People queue at the Kimara Bus Station in Dar es Salaam. Tanzania last reported its Covid numbers in April 2020. (Nation Media Group)
By Luke Anami
Tanzania announced that it will start releasing Covid-19 data amid pressure from the UN and Bretton Woods institutions to do so as a precondition for lending.
“Soon, the government will officially announce measures on how to address the Covid-19 pandemic in Tanzania,” government spokesman Gerson Msigwa told The East African.
The assurance came after the International Monetary Fund (IMF) on June 9 pushed Dodoma to start publicising Covid-19 infections and measures, with a threat to withhold a $571 million loan.
“In order to justify emergency financing in the context of the pandemic, you need to publish relevant public-health data. Publication of such data would be a precondition moving ahead,” said IMF’s resident representative in Tanzania Jens Reinke.
However, Tanzania had already moved forward with plans to deal with the pandemic, after a task force formed by President Samia Suluhu and chaired by Said Aboud handed in a Covid impact mitigation plan.
And on Thursday during the presentation of the 2021/22 budget, Finance Minister Mwigulu Nchemba announced that the government is in negotiations with the IMF to secure $571 million to mitigate the economic and social effects of the pandemic.
“The government has made arrangements on how to address the Covid-19 pandemic. When the government states its official position, it will include all that the IMF is asking for,” said Mr Msigwa.
“The government intends to direct the funds towards bolstering official foreign reserves, improve expenditure in health and water sectors as well as boost tourism services,” he said.
Minister Nchemba said President Samia had held a virtual meeting with IMF Executive Director Kristalina Georgieva to strengthen economic and social relations, including strategies to address the impact of Covid-19.
“The pandemic has adversely affected service receipts, foreign reserves and economic growth. The government will continue to take appropriate measures to revive economic activity,” Mr Nchemba said.
Statistics show that Tanzania’s economic growth was highly affected by the global pandemic with the country’s economic growth rate estimated to grow at an average of 4.8 percent this year from prior estimation of 6.9 percent rate.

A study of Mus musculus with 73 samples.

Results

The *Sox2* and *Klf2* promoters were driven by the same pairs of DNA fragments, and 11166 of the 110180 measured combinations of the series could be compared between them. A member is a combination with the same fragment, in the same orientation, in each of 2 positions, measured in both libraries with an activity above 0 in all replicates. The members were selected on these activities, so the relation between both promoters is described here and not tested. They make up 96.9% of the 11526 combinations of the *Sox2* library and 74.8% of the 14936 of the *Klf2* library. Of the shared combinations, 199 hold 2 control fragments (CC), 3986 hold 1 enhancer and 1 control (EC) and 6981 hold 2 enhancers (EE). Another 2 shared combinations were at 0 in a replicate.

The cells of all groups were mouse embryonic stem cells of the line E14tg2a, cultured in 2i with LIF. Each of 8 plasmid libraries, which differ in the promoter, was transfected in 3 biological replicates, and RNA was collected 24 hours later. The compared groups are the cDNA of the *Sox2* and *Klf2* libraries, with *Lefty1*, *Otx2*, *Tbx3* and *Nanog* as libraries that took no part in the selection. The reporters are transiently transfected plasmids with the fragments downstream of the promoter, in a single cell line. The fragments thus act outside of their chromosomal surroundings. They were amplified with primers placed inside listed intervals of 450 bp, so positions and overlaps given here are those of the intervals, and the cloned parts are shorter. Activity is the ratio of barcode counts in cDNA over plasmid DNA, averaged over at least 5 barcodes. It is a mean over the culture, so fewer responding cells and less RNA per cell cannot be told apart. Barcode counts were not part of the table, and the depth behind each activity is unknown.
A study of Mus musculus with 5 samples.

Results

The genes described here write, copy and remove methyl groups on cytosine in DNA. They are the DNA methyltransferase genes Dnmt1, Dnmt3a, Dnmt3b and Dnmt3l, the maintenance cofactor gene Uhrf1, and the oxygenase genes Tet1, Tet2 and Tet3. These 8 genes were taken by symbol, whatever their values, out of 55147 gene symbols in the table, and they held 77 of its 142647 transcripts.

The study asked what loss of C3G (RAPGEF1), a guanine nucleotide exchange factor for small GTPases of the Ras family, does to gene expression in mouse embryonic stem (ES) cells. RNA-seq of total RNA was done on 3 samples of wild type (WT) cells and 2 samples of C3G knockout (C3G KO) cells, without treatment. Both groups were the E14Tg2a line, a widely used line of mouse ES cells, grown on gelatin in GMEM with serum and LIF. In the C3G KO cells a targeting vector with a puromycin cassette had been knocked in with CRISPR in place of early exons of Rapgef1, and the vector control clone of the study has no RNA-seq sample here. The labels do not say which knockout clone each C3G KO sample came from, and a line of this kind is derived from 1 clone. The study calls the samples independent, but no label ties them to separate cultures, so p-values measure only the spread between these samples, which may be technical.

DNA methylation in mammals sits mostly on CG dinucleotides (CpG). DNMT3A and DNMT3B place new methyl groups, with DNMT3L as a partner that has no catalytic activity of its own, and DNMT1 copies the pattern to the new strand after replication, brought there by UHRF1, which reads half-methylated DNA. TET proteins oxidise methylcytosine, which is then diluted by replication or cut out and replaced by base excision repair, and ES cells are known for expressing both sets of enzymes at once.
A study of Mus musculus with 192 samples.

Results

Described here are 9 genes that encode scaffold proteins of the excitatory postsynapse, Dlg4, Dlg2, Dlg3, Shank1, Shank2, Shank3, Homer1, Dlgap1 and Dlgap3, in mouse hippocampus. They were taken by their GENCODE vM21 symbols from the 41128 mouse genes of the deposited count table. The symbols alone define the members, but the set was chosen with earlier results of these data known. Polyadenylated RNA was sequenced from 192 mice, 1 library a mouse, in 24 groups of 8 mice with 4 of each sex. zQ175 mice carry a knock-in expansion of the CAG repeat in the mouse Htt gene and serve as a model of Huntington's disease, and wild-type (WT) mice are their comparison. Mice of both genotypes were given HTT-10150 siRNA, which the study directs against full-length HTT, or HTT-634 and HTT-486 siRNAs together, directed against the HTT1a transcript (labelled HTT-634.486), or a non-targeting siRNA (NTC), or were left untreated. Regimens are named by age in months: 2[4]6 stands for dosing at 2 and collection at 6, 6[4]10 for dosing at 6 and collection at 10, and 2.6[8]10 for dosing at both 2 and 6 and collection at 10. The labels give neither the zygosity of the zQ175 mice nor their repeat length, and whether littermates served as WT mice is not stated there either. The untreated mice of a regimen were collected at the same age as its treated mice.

Dar stopped reporting cases of Covid-19 on April 29, 2020 when the country had 509 infections, 183 recoveries and 21 deaths. A few weeks later, President John Magufuli declared the country pandemic-free.
Now, the Aboud committee’s report states that the country has been hit by two waves of the novel virus.
Recently, Tanzania allowed foreign missions and companies to access vaccines for their staff, offering a glimmer of hope in dealing with the global pandemic in a country once cited for Covid denialism.
The threat by the IMF came in the wake of a ravaged economy due to the effects of the pandemic, which have weakened near-term macroeconomic prospects for the country.
Dodoma first asked the IMF for a loan under its Rapid Credit Facility in March 2020 but the negotiations never progressed, and the government said in May that it had revived the request. Early talks over the RCF request have started, according to Mr Reinke.
Tanzania could access over $570 million, given its current IMF quota, or double that if the lender’s board approves a proposed new general allocation of Special Drawing Rights to help countries deal with the consequences of the pandemic. But, the loan has set conditions, this time Covid-19 data, which were last issued in May 2020, during the late John Magufuli’s presidency.
The IMF Executive Board has approved emergency financing to 80 countries, including Tanzania, under its two instruments, the RCF and Rapid Financing Instrument (RFI). These facilities allow the Fund to provide emergency assistance without the need for a full-fledged programme.
The IMF has extended debt service relief through the Catastrophe Containment and Relief Trust (CCRT) to 29 of its poorest and most vulnerable member countries, covering debt falling due for the period between April 2020 and mid-October 2021.
This debt relief helps the benefiting countries to channel more of their financial resources to emergency medical and other relief efforts as they combat Covid-19.
Last year, Tanzania received $25.7 million under the CCRT to cover debt service and fund measures to fight the pandemic.
Now, the Prof Aboud-led team recommended the resumption of the publication of official figures on the spread of the disease. While appointing the team, President Samia said the country needs a clear understanding of where it stands in the Covid-19 fight.
“We can’t isolate ourselves as if we are an island but, also, we can’t accept everything brought to us,” said President Samia. “Tanzania needs to have its own understanding of where we stand on the issue of Covid-19.”
The committee also advocated for vaccination of frontline workers and vulnerable people, on voluntary basis. It also recommended that the government join the Covax Facility for easy access to vaccines.
This article was published by The East African.